Cell therapy is a burgeoning area of medical science with the potential to reverse the downward spiral of life-threatening diseases. Its application ranges from helping extremely sick babies, to acute stroke patients, to cancer patients. However, there is a major gap in this rapidly growing industry: qualified staff who can undertake the cell manufacturing needed as part of the therapy.
Hudson Institute’s Associate Professor Rebecca Lim is tackling this issue head-on by collaborating with commercial operations to develop a new course that will train qualified medical laboratory scientists to manufacture cell-based products.
The two-week practical course will be a game changer for an industry with exceedingly high current and future demand for this skillset.
Collaborating with the commercial sector
The idea for this novel collaboration came about in early 2018 when A/Prof Lim attended the Phacilitate Leaders World conference in Miami – a major meeting of researchers, clinicians, patient groups and industry partners in stem and gene therapies.
A/Prof Lim said, “I had been noticing for some time that cell therapy projects tend to stall or bottleneck when it came to recruiting trained cell manufacturing staff.
“However, it wasn’t until I talked with Cell Therapies CEO Dawn Driscoll and Scinogy CEO David James at the conference and that I learnt the commercial world was experiencing this same skill gap,” she said.
Her conversation with Ms Driscoll and Mr James led to the idea of collaborating to create a new training course. The result is a short course launching in November this year, which has been devised by Monash University in collaboration with A/Prof Lim and industry partners Cell Therapies and Thermo Fisher.
Manufacturing stem cells
Cell therapies use living cells to treat a range of diseases. Examples include whole blood transfusions, cancer immunotherapies and stem cell therapies.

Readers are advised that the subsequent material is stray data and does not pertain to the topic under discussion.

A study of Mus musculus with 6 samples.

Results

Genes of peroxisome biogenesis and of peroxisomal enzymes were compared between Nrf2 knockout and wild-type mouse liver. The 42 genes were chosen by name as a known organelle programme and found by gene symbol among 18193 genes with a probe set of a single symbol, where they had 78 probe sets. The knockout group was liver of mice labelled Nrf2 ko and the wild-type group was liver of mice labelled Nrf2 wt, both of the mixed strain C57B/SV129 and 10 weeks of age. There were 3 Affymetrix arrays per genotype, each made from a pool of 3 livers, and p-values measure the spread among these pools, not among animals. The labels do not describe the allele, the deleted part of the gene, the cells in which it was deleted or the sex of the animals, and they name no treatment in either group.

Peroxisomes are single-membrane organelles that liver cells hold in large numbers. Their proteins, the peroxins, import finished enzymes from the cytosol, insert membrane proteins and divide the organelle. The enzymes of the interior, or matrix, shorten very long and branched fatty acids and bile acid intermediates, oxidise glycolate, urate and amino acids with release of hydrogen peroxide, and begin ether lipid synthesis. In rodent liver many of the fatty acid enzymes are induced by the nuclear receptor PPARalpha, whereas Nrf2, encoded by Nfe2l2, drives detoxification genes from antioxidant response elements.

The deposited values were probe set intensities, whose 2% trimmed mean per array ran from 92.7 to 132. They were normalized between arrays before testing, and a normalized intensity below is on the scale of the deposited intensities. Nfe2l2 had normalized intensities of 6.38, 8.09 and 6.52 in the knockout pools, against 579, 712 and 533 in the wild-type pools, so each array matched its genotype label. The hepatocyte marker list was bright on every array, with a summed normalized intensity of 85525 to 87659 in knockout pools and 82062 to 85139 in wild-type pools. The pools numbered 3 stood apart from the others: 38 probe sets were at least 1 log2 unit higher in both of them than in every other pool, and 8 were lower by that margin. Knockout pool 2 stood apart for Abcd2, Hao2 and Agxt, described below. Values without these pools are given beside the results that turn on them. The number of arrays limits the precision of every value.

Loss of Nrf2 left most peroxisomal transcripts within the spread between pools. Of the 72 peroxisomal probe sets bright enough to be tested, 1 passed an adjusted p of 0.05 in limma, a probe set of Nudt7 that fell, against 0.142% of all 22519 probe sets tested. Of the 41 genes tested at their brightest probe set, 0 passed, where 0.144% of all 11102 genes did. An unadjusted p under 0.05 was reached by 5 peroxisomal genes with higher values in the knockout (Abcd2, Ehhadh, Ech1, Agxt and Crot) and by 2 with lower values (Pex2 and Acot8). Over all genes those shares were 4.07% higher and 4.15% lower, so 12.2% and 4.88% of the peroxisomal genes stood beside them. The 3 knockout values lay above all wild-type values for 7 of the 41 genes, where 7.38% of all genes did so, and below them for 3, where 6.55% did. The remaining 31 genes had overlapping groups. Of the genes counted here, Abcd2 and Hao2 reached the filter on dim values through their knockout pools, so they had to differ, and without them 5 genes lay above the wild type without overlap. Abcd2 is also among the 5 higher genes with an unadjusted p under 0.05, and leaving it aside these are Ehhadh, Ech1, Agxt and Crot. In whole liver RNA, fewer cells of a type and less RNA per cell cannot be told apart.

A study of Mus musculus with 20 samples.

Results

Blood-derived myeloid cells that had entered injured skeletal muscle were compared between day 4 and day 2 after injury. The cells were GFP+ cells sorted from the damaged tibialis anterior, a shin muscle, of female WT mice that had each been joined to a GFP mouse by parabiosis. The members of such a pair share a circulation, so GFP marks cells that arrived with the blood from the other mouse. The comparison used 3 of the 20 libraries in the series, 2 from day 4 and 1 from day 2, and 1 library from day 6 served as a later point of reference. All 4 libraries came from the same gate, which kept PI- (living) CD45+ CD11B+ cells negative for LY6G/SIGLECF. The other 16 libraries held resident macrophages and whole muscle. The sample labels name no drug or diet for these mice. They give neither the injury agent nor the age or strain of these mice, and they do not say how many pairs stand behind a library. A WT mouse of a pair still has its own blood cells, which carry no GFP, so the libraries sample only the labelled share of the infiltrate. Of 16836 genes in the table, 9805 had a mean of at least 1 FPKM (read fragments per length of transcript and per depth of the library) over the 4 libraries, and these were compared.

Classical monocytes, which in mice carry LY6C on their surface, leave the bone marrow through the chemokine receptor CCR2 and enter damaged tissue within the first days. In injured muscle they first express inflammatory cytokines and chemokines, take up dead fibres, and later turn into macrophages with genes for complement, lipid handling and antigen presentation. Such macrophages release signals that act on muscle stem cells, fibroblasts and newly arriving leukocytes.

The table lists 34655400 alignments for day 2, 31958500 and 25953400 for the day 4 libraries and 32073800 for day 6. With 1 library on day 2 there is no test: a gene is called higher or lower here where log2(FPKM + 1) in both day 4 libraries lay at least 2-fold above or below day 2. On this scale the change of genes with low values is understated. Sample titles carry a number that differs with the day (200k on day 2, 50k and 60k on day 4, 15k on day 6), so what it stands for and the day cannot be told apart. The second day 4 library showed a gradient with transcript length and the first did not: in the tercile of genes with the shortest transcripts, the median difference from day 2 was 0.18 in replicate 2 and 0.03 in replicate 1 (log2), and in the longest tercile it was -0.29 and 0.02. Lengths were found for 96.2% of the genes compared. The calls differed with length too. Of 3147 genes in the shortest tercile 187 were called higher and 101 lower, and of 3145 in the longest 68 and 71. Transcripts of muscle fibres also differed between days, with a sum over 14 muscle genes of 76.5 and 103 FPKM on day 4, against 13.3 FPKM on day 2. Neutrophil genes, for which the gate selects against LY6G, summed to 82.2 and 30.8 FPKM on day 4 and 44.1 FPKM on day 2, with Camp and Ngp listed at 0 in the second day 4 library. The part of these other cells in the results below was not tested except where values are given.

Good Manufacturing Practice (GMP) underpins the new short course that A/Prof Lim will be delivering in collaboration with Cell Therapies Pty and Thermo Fisher. GMP is a set of principles and procedures used in a wide range of manufacturing industries (from pharmaceuticals to automotive) that ensures consistency in the production of high-quality products.
A/Prof Lim learnt about GMP early in her career while training as a lab technician in Singapore. The process predates industrial scale cell manufacturing and is relatively new and not always utilised at the early stages of clinical translation.
“All reputable organisations should use GMP when manufacturing cells. It holds the process to a high standard and ensures Australians receiving the end product aren’t placed at risk, regardless of which stage of clinical testing the product is at,” A/Prof Lim said.
Making cell therapies available to everyone
This is not the first time that A/Prof Lim has worked to bridge the gap between academia and industry. A partnership with Scinogy has led to new technology that replaces the need for an expensive ‘clean room’ by creating a portable controlled environment.
Initiatives like this reduce the time needed for cell manufacturing, which in turn reduces the cost of cell production – making it more widely available.
“There’s no reason that science should add to the wealth divide in health. It’s my hope that in the future, your wealth or the place where you were born will not affect your ability to access these treatments.
“If we can make a more efficient workforce who are armed with the right skills, then we can meet the demands of the workforce and costs should come down,” she said.
Though developing a training course is ordinarily outside of the remit of a research scientist, for A/Prof Lim it is part of this larger picture of affordable health.
“Australia can lead the Asia Pacific region by demonstrating that we can reduce costs for patients and companies can still make a profit,” she said.
Who is suited to this course?
“The exciting thing about this course is it is well suited to a broad range of people, not necessarily scientists.
“It is well-suited to people from industries that are becoming obsolete, who are looking to re-train and re-enter the workforce – such as those from the automotive industry.
“The main pre-requisite is a qualification in medical laboratory science either from Tafe or University. For individuals looking to re-skill or re-train into this industry, Tafe courses that lead to entry into this course can be completed in around a year.
“The key skills we want to see in future cell manufacturers are a high-level attention to detail and ability to follow processes,” A/Prof Lim said.
The course will be run at The Ritchie Centre, Hudson Institute and at Cell Therapies Pty Ltd, Peter MacCallum Cancer Centre. The first cohort begins 11 – 22 November 2019.
The course will be the first of its kind in Australia.